I've seen some older posts relating to cutting the fork springs. How have these held up over the long term? I am confused on how much to cut off and what size spacer to use.
 

 


You have probably already decided if you want to try it or not, but I've also had good experience with cutting the front fork springs on a prior bike, as recommended to me by a Fox engineer. I'm a pretty low mileage commuter, so not lots of miles, but they worked good for 5 plus years. There's a formula for how long the springs should be for a desired spring rate, as well as a website where you could enter the info.
 

You have probably already decided if you want to try it or not, but I've also had good experience with cutting the front fork springs on a prior bike, as recommended to me by a Fox engineer. I'm a pretty low mileage commuter, so not lots of miles, but they worked good for 5 plus years. There's a formula for how long the springs should be for a desired spring rate, as well as a website where you could enter the info.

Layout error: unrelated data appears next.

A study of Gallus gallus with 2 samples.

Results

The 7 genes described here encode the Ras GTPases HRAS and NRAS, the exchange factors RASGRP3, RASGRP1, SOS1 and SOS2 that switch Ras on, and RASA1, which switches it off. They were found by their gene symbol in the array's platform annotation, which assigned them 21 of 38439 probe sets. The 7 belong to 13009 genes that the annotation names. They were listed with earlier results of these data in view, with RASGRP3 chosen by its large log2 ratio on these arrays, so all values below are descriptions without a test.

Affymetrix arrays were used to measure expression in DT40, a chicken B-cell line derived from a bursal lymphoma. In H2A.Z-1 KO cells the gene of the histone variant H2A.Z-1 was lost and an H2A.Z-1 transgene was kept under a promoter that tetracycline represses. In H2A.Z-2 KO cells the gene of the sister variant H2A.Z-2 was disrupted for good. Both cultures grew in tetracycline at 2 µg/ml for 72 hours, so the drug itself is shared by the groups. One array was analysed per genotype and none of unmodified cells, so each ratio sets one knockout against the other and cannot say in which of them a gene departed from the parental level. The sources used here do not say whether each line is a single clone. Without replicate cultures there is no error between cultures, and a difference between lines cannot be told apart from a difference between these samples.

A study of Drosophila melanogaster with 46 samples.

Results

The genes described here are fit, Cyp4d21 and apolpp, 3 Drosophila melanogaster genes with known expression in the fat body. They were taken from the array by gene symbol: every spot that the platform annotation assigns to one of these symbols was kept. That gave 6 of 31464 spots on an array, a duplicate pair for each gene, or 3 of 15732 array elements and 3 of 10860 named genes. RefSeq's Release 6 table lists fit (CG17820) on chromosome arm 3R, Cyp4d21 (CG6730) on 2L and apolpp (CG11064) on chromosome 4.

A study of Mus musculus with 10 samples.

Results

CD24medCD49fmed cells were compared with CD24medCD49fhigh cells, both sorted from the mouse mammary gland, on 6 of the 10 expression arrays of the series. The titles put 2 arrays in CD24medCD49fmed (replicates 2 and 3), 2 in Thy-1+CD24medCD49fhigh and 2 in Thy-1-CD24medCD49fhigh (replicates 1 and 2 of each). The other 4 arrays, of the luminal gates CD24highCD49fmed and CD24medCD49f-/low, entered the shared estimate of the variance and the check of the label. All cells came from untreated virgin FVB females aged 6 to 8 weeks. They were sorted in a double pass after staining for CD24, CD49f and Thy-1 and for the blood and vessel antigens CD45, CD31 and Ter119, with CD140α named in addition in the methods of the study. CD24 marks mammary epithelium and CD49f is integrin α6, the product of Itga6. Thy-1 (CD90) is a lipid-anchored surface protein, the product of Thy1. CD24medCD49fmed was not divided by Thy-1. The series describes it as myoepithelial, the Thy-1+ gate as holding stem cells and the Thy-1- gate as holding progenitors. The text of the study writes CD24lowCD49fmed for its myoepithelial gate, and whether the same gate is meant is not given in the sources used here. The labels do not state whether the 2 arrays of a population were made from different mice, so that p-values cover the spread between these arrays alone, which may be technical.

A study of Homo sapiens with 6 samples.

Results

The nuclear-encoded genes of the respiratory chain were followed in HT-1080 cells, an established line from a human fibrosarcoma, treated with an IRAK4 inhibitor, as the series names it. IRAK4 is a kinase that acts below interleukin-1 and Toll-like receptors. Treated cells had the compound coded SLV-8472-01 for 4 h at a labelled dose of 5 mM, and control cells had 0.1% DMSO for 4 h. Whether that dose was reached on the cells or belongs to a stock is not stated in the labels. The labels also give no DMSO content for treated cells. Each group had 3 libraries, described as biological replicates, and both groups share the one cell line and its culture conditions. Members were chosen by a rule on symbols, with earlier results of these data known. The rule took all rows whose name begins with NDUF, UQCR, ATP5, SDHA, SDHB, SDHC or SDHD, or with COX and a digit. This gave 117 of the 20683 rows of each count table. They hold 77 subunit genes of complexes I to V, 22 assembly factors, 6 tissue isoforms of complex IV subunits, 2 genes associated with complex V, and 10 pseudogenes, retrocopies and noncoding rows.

Yes! I cut them down a couple weeks ago and the difference while sitting in the garage is very noticeable. If the snow ever melts I will get to ride it again :)

I decided to just do a "quick" upgrade for now. I took the springs out the top, sucked out as much oil as I could then put the same amount back in and put the cut springs in.

If my forks ever start leaking I'll likely replace them with racetech springs and do a full overhaul on the forks at that time. This was just a quick fix for now.
 

If your forks start leaking go buy a Sealmate and that will almost certainly fix your leak with almost no cost or effort. It worked perfectly on my 2012 DL650 at around 110,000 km/ 68,00 miles.

Fix Leaking Fork Seals With | SealMate.net

..Tom
 


First I swapped the rear shock for a used DL1000 shock. Then I cut the fork springs and put them in with 15w fork oil. The improvement is very noticeable. Where any kind of slight washboard bumps would make the wee's suspension stack up and become unusable before it sails over it now in good control. Where I always had to slow way down on dirt/gravel roads for fear of coming upon a wash out too fast I can speed up knowing the suspension will take the hit and allow me to control the bike.

NICE

Now I'm wondering what a real suspension upgrade would do for me? Probably another time as much better of more. But I'm happy for now.
 


Fix Leaking Fork Seals With | SealMate.net

..Tom
unless you wait too long to use the seal mate. Mine was too far gone by the time I got one. Now I have fork boots and a Seal Mate waiting in the tool box!